The online shopping space has become a complex paradox that fluctuates immensely between overstocking, price inflation and reactionary, constricted sales — a method that few retailers and brands have mastered. This has created a market that’s left even the heaviest hitters posting huge losses — and in some cases shuttering hundreds of locations.
Though some are undeniably focused on how to navigate the future, there’s a resounding, collective whiplash regarding how the retail market dug itself into this fiscal hole in the first place. Adobe’s May 2017 Digital Price Index for the apparel category draws a picture of the e-commerce space not only as the go-to for consumers, but also one that bloats prices and then constricts quickly. It’s a crash diet of pricing and consumers are eating it up, much to the detriment of merchants that are facing a gap between online and in-store sales that’s taking on black hole levels of enormity.
“With retail chains closing stores at a record pace, we’ve been closely watching the impact on the e-commerce world,” said Mickey Mericle, vice president of marketing and customer insights at Adobe. “For the first time, we’re seeing that apparel sold online is clearly developed with a specific velocity in mind and an incredibly high turnover rate, compared to other categories we track.”
To configure the Digital Price Index, Adobe tapped its artificial intelligence functionality Adobe Sensei in its analytics cloud. The software tracked seven dollars and 50 cents out of every 10 dollars spent online with the top 500 U.S. retailers and over six dollars out of every 10 dollars spent online with the top 100 European retailers, resulting in the review of billions of digital transactions, a company spokesman said. Adobe analyzed 15 billion U.S. web sites, one billion U.K. web site visits and online transactions and over 2.2 million products sold online.
For the first time, Adobe included the apparel category in its analysis. Nearly half of the 7,000 new apparel products available online fell within the women’s wear segment (3,150 items), one-quarter (1,750) were men’s wear and the remaining products were children’s wear and footwear.
The Digital Price Index revealed that online apparel prices drop faster than in-store inventory, luring consumers to ongoing digital patronage. What’s more, Adobe’s analysis found that the biggest digital discounts are within high-end, luxury and conversely, low-priced apparel. “High-end apparel, the top 25 percent most expensive items online, show a 5.5 percent drop in prices year-over-year while low-end apparel, the lowest 25 percent, saw prices decrease by 7.5 percent over the same time period,” a company spokesman said.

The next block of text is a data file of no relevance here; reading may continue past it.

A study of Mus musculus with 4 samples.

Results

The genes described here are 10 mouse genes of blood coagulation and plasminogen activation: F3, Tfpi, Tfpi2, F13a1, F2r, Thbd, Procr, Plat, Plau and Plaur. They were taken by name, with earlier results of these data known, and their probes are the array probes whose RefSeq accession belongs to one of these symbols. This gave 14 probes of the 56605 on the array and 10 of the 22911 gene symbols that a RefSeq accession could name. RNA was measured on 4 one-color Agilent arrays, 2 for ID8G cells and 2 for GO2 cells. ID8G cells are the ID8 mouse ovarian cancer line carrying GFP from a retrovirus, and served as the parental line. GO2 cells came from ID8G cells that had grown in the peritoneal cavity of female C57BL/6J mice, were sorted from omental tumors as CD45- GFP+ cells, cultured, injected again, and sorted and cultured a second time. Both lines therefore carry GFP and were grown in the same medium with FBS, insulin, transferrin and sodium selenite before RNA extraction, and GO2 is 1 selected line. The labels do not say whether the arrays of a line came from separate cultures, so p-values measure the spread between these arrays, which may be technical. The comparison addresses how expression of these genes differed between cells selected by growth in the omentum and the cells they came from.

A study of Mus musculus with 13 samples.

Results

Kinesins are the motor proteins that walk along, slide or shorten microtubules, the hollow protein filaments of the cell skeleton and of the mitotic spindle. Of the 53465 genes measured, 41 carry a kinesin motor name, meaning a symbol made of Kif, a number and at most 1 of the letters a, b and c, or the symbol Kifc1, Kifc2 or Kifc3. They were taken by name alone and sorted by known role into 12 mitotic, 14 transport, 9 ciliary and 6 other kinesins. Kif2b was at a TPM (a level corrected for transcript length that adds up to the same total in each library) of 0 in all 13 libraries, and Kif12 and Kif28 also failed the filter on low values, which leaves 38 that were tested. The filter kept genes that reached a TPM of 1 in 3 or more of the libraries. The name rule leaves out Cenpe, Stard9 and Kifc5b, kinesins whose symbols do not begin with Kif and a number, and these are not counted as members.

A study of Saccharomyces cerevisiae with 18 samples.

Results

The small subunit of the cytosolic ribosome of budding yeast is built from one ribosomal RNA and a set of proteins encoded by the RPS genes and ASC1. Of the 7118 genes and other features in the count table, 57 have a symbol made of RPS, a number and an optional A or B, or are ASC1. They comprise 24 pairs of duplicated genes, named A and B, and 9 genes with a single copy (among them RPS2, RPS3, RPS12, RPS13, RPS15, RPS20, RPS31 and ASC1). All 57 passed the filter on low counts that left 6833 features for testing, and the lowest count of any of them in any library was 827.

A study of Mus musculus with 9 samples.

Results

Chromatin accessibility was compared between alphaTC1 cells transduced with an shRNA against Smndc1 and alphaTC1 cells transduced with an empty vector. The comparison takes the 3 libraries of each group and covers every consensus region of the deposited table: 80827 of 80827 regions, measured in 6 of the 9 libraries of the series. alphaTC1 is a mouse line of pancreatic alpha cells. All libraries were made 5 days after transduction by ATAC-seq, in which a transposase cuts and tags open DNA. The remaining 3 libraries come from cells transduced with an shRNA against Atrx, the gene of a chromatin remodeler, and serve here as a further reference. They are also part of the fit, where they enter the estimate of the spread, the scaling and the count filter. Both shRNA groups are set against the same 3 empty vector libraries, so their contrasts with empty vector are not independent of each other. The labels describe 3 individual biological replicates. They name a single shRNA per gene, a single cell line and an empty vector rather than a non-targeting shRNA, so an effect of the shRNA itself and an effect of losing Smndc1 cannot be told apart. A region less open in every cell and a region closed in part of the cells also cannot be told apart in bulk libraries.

This points to the fact that consumers are bargain hunting and conducting deep product research before completing purchases. “Shoppers are prepared before they shop as never before, as more than three-quarters (80 percent) of shoppers research products before purchasing them online,” said Salesforce’s 2016 “Connected Consumers” report. This requires retailers to slash e-commerce prices, quickly.
Much of this research is occurring in real-time and in-store, particularly by Millennials and Generation Z shoppers. Comprehensive strategies to promote purchases from brick-and-mortars calls for deliberate methods to capture shoppers’ attention. “The challenge for retailers is to move away from selling products and toward creating experiences and telling stories – finding innovative ways to participate,” said Accenture’s “Digital Dust” report on Generation Z shopper behavior.
Oscillating prices and product have been a cornerstone in fast fashion’s business structure – luxury categories have adopted similarities as Millennials’ increasingly search for high-end items. “The time to make a purchase is decreasing, with younger customers taking one-third less time than older customers to make decisions,” said FarFetch.com and Bain & Company’s report, “The Millennial State of Mind: Digital is Reshaping How Luxury is Purchased Across Generations.”
Appealing to deal-hungry shoppers with reduced products will boost online sales, however in-store requires a different approach. Here’s where playing to consumers’ emotions — and tech-savvy tendencies — will benefit brands. Consider cross-pollination like sending mobile push notifications for flash deals of in-store products. This calls for personalization, but instills a sense of urgency required to motivate in-store consumers.